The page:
Rebellion, subtitled The History of England from James I to the Glorious Revolution, is the third volume in Peter Ackroyd’s History of England series. I haven’t read the first one, but I did read the second – which covered the Tudor period – and enjoyed it, so I was looking forward to seeing how Ackroyd would tackle the Stuarts in this latest volume. Before I go any further I should point out that Rebellion is the US title, which I’m using here as this is the edition I received for review via NetGalley; the UK title is Civil War.
The book opens with the reign of the first Stuart king of England, James I, who acceded to the throne after the death of Queen Elizabeth I in 1603. He was, of course, also James VI of Scotland and united the two countries under one crown. James was followed by his son, Charles I, and most of the book is devoted to discussing the Civil War which ended in Charles’ execution. After several years of rule by the Lord Protector, Oliver Cromwell, the Stuart monarchy was restored under Charles II and the Restoration period is also covered in this volume. Finally, Ackroyd looks at the reign of James II and finishes with the Glorious Revolution which marked the arrival of William of Orange and his wife, Mary.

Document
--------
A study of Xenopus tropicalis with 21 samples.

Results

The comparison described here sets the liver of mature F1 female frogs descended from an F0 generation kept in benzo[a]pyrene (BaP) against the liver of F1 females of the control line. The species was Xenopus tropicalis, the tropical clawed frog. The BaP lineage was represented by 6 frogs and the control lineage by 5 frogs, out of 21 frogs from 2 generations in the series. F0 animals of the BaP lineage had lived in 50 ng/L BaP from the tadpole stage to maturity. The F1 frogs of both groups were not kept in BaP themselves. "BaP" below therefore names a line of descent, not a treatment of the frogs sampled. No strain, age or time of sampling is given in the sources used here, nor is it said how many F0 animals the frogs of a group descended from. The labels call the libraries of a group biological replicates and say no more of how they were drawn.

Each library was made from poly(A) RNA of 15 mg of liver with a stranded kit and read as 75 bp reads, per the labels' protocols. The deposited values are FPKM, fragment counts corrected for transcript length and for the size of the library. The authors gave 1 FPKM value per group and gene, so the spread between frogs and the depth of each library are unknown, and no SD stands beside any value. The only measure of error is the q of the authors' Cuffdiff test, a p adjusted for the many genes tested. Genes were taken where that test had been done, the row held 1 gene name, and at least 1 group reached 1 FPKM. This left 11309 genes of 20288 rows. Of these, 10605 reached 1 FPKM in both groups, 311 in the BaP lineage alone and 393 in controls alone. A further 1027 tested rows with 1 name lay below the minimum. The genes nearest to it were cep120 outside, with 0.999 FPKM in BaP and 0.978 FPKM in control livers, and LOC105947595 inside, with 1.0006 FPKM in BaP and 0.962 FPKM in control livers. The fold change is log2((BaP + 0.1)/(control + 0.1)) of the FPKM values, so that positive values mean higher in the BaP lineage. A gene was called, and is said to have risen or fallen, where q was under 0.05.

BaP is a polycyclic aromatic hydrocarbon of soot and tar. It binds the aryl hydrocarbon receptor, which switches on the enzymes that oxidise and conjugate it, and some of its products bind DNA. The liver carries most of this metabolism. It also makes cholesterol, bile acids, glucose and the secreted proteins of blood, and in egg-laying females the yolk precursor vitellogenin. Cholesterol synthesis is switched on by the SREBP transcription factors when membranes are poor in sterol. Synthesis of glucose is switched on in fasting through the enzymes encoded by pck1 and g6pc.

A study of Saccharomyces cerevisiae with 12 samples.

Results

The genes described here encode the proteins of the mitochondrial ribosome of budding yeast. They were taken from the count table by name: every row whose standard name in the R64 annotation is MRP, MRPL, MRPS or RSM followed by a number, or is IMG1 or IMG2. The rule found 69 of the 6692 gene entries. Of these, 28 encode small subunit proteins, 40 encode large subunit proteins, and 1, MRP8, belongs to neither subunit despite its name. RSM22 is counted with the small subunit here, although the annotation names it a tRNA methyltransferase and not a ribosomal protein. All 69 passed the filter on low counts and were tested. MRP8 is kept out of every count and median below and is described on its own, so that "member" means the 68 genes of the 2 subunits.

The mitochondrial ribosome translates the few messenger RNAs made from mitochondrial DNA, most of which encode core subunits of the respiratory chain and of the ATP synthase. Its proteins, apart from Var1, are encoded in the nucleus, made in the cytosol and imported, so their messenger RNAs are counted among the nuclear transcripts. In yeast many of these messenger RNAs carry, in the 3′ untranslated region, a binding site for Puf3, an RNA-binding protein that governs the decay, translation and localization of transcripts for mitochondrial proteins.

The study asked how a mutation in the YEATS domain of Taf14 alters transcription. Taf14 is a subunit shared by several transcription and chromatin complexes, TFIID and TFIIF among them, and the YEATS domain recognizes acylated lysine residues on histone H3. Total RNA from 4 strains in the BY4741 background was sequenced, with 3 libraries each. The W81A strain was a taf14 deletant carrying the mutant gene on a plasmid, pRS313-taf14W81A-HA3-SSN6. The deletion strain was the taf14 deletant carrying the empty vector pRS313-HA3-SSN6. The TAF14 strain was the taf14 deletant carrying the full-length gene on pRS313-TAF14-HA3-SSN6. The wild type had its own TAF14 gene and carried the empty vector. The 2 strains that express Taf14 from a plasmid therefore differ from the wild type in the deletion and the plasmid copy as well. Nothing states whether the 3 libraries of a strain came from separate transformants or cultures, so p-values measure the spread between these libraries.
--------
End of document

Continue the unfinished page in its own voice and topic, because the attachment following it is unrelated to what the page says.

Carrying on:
I have condensed eighty-five years of history into one paragraph here, but the book itself goes into a huge amount of detail, describing the life of each Stuart monarch and the key events of their reign. It’s a fascinating read, especially if you have a particular interest in this period of English history, and like the previous volume, Tudors, it’s written in a style that is factual without being too academic for the general reader. While the lives of kings and queens are interesting to read about, I also like to know how ordinary people lived, so I was pleased to find that Ackroyd gives some attention to the social history of the period and includes some chapters on literature, science, music and drama.
The only problem I had with this book was that I felt too much time was spent on the Civil War while the reigns of Charles II and James II had been squeezed in at the end. The chapters describing the events leading to the Civil War and the religious and political reasons for it seemed to go on forever, and although I can certainly understand why Ackroyd chose to make this the focus of the book I did start to get bored and found myself looking forward to moving on to the Restoration period.
While I didn’t enjoy this book as much as Tudors, I do feel that I’ve learned a lot from it. I am definitely not an expert on seventeenth century history but having finished this book, I now know much more than I did before I started. I haven’t heard anything about the fourth book in this series yet, but I expect it will continue to move forward chronologically into the eighteenth century. While I’m waiting maybe I should find a copy of the first volume, Foundation, which I still haven’t read…or I could try one of Peter Ackroyd’s other books. He has written more than thirty non-fiction books and a large number of novels too, so there would be plenty to choose from!